Carolyn Meynell


Name, current role and centre

Carolyn Meynell, Senior Lecturer, Guildford.


Area of law


Previous employer

Salaried Partner at a small high street firm


A day in the life...

I worked at two high street firms prior to joining the University. I left The College of Law (as the University was then called) as a student in 1996 and within two weeks of leaving I started my training contract. It was very hands on from the outset and I remember being sent to court with my first ex parte (without notice) domestic violence injunction at the end of my very first week. I was terrified!

A typical day in family law would consist of all the usual tasks you would imagine; answering correspondence, interviewing clients, drafting court documents such as divorce petitions, consent orders and witness statements. You would, of course, attend court regularly. You would typically be expected to conduct the advocacy yourself at preliminary hearings such as directions appointments (under the Children Act or financial hearings) and  applications under the Family Law Act 1996 for injunctions. You would often then instruct counsel to represent your client at contested final hearings under the Children Act or to resolve the finances.

However, you could never assume as you headed into work that you were going to have just a typical day. You would frequently arrive at work, having planned the day ahead, to discover a client in desperate need of advice or assistance. For example, the client may require urgent protection from further assault and then you would have to clear your desk and spend most of the day preparing the paperwork, attending court to obtain the injunction and then arranging service on the Respondent so that you could go home safe in the knowledge that you had done everything you could to protect your client (even if they did then reconcile with the Respondent a few days later!)

A family solicitor is more than just someone who knows the law.  You have got to manage your client’s expectations very carefully from the outset and often deliver unpalatable advice. You have to be able to empathise  with your client and provide support of all kinds to them. They have to trust you and open up to you to tell you the most personal matters.

I was never bored dealing with just family law as, given the size of the firms, I was always able to do a wide range of cases from divorce and private law children matters to public law matters. It was the public law cases that were the most challenging both emotionally and academically. I represented many parents whose children had been taken from them, sometimes at birth. Some clients did manage to have the children returned to them but some didn’t and faced the reality that their children were going to be adopted against their wishes. This is when your people skills really come in to play.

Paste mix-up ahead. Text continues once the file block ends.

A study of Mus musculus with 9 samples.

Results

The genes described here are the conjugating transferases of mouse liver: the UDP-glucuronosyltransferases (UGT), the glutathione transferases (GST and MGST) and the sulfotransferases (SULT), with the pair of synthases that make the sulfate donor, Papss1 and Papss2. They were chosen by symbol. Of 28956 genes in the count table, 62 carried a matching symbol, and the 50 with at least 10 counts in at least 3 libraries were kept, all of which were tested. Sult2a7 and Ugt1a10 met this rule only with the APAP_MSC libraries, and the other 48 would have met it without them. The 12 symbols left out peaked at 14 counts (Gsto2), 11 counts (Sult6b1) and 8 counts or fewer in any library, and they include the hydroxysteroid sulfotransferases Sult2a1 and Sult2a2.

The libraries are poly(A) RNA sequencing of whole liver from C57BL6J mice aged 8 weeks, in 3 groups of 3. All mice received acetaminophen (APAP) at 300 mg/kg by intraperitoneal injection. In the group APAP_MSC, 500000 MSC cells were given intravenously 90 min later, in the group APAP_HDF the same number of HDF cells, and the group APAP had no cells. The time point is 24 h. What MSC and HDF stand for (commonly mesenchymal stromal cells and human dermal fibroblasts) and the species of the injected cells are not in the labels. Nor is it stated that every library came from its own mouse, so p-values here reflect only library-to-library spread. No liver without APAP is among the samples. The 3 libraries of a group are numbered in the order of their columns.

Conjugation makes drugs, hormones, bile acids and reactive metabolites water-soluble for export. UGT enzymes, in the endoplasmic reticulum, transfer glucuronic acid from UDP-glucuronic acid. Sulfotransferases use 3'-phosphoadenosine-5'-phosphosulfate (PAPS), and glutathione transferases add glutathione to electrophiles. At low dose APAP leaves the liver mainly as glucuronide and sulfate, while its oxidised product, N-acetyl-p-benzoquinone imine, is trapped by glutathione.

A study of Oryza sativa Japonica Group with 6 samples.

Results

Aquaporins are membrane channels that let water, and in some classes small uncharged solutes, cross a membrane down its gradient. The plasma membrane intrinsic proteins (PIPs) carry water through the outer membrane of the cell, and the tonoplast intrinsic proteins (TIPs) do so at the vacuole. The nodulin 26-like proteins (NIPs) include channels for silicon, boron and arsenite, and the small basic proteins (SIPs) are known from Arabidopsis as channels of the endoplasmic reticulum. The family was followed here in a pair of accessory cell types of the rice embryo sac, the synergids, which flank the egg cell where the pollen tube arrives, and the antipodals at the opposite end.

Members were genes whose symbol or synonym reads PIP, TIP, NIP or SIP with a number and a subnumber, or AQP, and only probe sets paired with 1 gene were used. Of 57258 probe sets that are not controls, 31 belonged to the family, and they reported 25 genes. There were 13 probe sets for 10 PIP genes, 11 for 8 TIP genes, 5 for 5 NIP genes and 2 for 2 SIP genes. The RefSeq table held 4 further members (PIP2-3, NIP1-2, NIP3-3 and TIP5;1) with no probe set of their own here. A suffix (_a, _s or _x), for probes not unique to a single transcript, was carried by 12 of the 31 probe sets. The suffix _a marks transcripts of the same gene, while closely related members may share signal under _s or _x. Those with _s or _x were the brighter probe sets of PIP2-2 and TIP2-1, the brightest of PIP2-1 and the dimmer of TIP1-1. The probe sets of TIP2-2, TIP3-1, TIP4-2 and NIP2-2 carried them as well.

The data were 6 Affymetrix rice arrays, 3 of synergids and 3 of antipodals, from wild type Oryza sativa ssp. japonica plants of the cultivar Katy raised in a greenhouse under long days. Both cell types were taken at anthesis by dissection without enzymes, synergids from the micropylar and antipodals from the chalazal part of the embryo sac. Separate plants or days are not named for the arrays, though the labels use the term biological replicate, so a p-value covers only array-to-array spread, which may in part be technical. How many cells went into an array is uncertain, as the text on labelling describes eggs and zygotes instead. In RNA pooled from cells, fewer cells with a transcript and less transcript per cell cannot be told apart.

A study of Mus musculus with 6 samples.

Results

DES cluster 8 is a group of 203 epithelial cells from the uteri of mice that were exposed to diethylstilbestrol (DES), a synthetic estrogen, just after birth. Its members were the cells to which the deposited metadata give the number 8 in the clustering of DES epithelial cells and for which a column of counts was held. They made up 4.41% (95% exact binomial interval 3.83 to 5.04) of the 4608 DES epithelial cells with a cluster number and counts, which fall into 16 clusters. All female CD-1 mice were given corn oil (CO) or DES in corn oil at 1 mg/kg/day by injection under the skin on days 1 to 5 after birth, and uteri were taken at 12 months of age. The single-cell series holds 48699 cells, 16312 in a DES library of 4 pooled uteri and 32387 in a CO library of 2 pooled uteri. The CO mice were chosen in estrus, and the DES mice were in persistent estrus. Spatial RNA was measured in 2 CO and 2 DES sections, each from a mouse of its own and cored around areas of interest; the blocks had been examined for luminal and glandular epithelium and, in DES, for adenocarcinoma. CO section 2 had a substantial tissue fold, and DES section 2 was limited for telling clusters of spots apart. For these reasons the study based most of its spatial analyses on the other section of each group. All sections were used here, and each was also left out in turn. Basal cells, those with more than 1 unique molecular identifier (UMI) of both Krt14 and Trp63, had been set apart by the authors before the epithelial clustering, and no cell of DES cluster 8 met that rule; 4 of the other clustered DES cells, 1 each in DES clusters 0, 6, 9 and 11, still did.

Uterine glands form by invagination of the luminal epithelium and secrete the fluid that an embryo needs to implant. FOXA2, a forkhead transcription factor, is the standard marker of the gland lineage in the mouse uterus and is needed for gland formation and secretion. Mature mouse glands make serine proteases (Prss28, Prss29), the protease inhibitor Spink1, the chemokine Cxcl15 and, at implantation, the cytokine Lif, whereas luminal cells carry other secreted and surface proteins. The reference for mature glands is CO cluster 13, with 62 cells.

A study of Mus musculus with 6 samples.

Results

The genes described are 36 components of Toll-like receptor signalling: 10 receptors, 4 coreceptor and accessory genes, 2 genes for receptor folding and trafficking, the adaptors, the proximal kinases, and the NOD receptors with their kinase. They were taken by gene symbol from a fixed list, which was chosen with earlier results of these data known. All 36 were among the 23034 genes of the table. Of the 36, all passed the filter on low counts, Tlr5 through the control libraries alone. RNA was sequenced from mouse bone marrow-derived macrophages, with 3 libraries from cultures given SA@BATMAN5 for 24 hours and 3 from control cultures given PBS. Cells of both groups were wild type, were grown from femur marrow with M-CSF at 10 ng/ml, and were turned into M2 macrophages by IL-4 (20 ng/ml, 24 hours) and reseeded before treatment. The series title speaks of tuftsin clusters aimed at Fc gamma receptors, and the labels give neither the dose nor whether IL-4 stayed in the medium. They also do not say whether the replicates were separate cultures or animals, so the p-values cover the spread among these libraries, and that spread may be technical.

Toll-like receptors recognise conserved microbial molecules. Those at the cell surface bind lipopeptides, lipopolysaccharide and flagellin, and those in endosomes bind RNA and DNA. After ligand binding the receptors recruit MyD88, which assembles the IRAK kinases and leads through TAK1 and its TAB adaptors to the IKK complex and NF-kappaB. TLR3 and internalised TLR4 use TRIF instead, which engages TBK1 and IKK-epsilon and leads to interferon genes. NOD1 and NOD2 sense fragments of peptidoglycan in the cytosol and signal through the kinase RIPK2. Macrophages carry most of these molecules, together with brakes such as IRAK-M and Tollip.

Best moments

For me, the best thing about family law is the cases where you feel you have really made a difference to your client’s life. I still often recall how distraught clients would be at the initial interview, facing the realisation that their marriage had broken down and scared about what the future held for them. However, by the end of the matter the client would be happier and content that the best solution for them had been reached.  You couldn’t say that you felt your client had “won” just that a resolution had been found that worked for the family as a whole. 

I enjoyed working in the high street as you get the opportunity to make lasting friendships. I spent so much time with the people in my department that they often felt like an extension of my family. As the firms I worked for were both small, I knew everyone in the office and really felt part of the organisation. You also had the opportunity to progress your career as I was made a salaried partner after being qualified for approximately 3 years.


Advice to students

In my opinion, you need to be able to demonstrate that you have the kind of skills required and that you are committed to this area. It is quite hard to go to court and observe family cases as many are held in private. However, you shouldn’t be put off because of this. Contact the court office regularly and see if there is anything you can sit in on.

Contact your local Citizen Advice Bureau and see if you can offer any help there. Again they might be prepared to allow you to sit in on interviews.

Ensure that you have some relevant work experience so contact local firms to arrange to spend some time in their family department. This would also be a good way of observing family court hearings.

Join any organisations in your area that may be applicable to you, such as Young Surrey Resolution who accept student members. This will not only give you the opportunity to keep up to date with developments but also provide excellent networking opportunities.